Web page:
NEW YORK (GenomeWeb) – NanoString Technologies reported after the close of the market Tuesday that its second quarter revenues jumped 20 percent on the strength of instrument and consumables sales.
For the three-month period ended June 30, NanoString's revenues rose to $13.1 million from $ 10.9 million in the same period a year ago, beating the consensus Wall Street estimate of $12.8 million.
On a conference call following the release of results, NanoString CEO Brad Gray said the quarter had been "pivotal" for the firm and it made "tremendous progress" towards its strategic objectives. The firm launched a new instrument, a new RNA protein assay, hired a new chief medical officer with experience in immuno-oncology, and started three research partnerships.
Instrument revenue was up 17 percent to $4.4 million from $3.8 million, while consumables revenues increased 17 percent to $6.8 million from $5.9 million. "System sales were strong outside North America, generating over 60 percent of revenue," Gray said, adding that instrument revenues included sales of the first two nCounter Sprint platforms, to the Broad Institute. However, he said the Sprint has not yet contributed meaningfully to consumables pull through. "Typically the first consumables revenue comes in the quarter subsequent to the instrument placement," Gray explained.
Sales of in vitro diagnostic kits, specifically its Prosigna breast cancer assay kit, rose to $592,000 from $ 181,000.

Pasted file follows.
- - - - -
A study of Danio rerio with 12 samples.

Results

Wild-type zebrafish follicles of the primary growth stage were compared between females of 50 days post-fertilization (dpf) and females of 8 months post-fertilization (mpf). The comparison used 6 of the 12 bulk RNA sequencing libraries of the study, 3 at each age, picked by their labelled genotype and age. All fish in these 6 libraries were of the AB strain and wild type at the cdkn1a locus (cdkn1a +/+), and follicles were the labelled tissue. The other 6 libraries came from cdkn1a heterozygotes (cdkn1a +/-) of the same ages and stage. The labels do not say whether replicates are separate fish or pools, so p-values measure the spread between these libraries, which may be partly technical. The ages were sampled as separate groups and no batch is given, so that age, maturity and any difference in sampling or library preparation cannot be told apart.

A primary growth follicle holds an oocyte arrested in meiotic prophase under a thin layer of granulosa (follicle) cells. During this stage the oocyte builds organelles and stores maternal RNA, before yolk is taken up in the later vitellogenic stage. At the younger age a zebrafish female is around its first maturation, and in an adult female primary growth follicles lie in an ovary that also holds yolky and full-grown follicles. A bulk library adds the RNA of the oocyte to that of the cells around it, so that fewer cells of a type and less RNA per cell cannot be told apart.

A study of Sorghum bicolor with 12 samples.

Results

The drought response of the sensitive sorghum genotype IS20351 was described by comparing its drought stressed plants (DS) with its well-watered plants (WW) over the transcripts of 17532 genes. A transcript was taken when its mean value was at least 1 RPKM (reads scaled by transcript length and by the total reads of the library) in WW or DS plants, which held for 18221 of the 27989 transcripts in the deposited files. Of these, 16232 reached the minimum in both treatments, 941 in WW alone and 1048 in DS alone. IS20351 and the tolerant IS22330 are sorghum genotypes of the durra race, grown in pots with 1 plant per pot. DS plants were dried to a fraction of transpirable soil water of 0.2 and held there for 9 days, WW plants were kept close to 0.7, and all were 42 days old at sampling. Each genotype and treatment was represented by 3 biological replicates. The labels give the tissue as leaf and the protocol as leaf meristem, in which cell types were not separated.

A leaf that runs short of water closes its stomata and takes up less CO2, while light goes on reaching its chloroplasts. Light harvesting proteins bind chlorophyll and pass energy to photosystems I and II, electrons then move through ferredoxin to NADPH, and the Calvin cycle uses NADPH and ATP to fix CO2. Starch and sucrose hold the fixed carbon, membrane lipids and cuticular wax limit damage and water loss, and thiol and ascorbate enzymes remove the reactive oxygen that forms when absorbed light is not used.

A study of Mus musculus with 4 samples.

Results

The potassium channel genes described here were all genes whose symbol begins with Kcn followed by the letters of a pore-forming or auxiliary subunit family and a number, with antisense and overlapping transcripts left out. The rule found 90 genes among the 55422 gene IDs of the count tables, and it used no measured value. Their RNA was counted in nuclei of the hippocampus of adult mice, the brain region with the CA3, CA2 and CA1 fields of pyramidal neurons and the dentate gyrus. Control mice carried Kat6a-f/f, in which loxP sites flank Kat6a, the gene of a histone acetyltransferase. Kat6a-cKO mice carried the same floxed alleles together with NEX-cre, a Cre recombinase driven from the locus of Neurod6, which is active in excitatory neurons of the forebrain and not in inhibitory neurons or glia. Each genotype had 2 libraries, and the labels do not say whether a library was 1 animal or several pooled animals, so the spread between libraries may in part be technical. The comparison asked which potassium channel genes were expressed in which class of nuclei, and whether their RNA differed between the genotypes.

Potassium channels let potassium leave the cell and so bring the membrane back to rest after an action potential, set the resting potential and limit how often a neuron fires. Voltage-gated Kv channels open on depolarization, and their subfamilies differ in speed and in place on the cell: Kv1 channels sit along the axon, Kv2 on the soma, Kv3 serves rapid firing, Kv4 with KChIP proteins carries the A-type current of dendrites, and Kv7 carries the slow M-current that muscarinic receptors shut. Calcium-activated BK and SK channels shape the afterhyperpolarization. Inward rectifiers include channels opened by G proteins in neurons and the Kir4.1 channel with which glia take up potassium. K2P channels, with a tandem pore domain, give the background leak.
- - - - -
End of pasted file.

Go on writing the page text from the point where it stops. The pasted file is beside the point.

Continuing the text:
Collaboration revenue was $568,000, mostly from a partnership with Celgene, but Gray said that number would increase in the future. A research collaboration signed with Merck to find biomarkers using the nCounter platform was indicative of NanoString's "deepening relationship with biopharma," Gray said. NanoString officials said they expected $4.5 million in revenue from the Merck partnership through the end of the year, significant enough to warrant an updated guidance for full-year 2015 revenues. NanoString officials also said that the firm began a pilot study with an undisclosed biopharma partner that could transition to a companion diagnostic if successful.
The company's net loss in the second quarter improved to $12.4 million, or $.66 per share, from $14.1 million, or $.78 per share in Q2 2014, but still fell short of the average Wall Street estimate of $.57 loss per share.
NanoString's R&D spending in the quarter increased 9 percent to $5.8 million from $5.3 million in the same period the year before, reflecting increased costs related to the development of new research products and related technology.
NanoString's SG&A expenses, meantime, dipped less than 1 percent to $12.8 million from $12.9 million, due to streamlined sales and marketing organization, offset by increased administration and facility costs.
NanoString finished the quarter with $53 million in cash, cash equivalents, and short-term investments.
The company updated its financial guidance for full-year 2015, expecting total revenues in the range of $60 million to $63 million, previously in the range of $58 million to $61 million; and an operating loss between $41 million and $47 million, previously in the range of $43 million to $49 million. It reiterated guidance for operating expenses of $77 million to $81 million.